NASA CHESS mission to probe interstellar clouds

Interstellar space clouds

US space agency NASA has announced a new mission geared towards probing the interstellar space and specifically interstellar clouds in a bid to garner greater understanding about how stars are formed.

The mission is called Colorado High-resolution Echelle Stellar Spectrograph or CHESS for short. CHESS is a sounding rocket payload that will fly on a Black Brant IX suborbital sounding rocket early in the morning of June 27, 2017. CHESS is a spectrograph, which provides information on how much of any given wavelength of light is present.

According to astronomers the interstellar space is filled with vast clouds of neutral atoms and molecules, as well as charged plasma particles called the interstellar medium. These clouds are believed to offer the raw material required for the formation of stars and galaxies. Astronomers believe that by studying these clouds, they will be able to garner further insights in the lifecycle of stars as well as galaxies.

CHESS will be observe Beta Scorpii, which is a hot, brightly shining star in the Scorpius constellation. As light from Beta Scorpii streams toward Earth, atoms and molecules including carbon, oxygen and hydrogen — block the light to varying degrees along the way. Scientists know which wavelengths are blocked by what, so by looking at how much light reaches the space around Earth, they can assess all sorts of details about the space it travelled through to get there. CHESS data provides observations such as which atoms and molecules are present in space, their temperatures and how fast they’re moving.

Using the data provided by CHESS, astronomers will evaluate how the interstellar cloud is structured, which can help them pinpoint where it stands in the process of star formation. It’s still not known exactly how long it takes for this material to be incorporated into new stars. But scientists know dense clouds can pave the way for the collapse at the very beginning of star formation.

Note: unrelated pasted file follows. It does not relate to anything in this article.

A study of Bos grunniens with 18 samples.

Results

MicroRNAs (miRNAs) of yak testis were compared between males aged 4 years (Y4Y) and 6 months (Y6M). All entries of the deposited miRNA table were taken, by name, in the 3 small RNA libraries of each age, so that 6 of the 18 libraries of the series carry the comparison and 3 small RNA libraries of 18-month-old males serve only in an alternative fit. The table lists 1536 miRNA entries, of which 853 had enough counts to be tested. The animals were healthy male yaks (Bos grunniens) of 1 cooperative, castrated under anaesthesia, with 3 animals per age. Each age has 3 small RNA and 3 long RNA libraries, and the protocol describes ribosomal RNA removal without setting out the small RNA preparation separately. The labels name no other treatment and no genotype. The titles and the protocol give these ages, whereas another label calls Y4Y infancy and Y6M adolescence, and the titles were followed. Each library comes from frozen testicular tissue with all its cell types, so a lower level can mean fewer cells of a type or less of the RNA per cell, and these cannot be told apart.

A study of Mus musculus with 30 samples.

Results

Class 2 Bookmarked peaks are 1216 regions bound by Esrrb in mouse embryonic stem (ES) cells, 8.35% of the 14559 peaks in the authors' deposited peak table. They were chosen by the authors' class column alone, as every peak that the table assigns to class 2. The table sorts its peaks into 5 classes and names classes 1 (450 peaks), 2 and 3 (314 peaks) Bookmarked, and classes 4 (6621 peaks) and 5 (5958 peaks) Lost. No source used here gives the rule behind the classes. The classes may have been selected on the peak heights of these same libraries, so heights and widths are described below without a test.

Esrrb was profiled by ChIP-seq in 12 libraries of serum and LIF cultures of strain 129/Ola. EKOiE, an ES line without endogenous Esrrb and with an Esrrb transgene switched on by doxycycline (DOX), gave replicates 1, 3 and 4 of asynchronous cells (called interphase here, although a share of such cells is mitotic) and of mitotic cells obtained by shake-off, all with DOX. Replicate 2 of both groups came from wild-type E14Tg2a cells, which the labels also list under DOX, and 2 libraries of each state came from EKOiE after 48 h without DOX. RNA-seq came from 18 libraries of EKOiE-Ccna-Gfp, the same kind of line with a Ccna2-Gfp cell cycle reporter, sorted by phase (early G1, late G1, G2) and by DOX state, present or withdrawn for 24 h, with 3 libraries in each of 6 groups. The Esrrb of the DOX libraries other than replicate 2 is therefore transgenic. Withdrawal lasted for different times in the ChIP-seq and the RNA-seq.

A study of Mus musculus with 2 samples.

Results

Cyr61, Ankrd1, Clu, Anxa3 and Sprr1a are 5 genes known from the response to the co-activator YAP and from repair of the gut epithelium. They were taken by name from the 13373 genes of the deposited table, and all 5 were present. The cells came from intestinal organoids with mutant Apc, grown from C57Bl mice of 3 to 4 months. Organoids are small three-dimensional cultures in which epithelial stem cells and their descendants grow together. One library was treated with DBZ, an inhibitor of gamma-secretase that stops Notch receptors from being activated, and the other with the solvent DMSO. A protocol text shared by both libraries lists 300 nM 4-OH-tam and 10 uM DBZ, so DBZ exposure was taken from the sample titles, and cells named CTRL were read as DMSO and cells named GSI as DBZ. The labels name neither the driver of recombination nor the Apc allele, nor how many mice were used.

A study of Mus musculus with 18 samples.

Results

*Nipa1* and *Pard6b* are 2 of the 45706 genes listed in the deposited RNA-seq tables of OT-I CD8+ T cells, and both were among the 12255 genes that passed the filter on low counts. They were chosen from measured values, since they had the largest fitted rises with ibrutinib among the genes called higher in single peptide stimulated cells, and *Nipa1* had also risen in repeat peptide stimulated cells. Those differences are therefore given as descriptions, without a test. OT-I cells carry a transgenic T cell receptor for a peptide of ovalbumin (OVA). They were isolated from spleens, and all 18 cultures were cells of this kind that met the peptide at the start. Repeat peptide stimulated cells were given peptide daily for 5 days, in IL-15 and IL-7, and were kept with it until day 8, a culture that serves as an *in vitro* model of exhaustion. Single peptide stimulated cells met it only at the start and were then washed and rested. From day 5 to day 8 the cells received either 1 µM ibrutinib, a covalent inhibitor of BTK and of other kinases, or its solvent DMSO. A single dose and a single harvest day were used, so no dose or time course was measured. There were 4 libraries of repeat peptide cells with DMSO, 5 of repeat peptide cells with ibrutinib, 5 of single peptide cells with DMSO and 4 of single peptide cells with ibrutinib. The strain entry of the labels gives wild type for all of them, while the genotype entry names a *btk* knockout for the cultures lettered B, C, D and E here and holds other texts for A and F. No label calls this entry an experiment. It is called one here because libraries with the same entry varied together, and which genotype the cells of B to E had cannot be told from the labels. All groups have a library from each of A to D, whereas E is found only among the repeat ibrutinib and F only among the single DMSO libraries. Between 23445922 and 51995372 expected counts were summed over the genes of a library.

The flight of a sounding rocket is a short one; CHESS will fly for about 16 minutes total. Just six-and-a-half of those minutes are spent making observations between 90 and 200 miles above the surface — observations that can only be made in space, above the atmosphere, which the far-ultraviolet light that CHESS observes can’t penetrate. After the flight, the payload parachutes to the ground, where it can be recovered for future flights.

This is the third flight for the CHESS payload in the past three years, and the mission’s most detailed survey yet. The scientists have used each to trial and improve the technology; the upcoming flight sports an upgraded diffraction grating, which reflects light and separates it into its different wavelengths.

By flying rapidly developing instruments on relatively inexpensive sounding rockets, scientists are not only able to acquire high-quality science data, but also test and mature their instruments toward possible spaceflight. According to France, the CHESS instrument serves as a spectrograph prototype for NASA’s LUVOIR concept.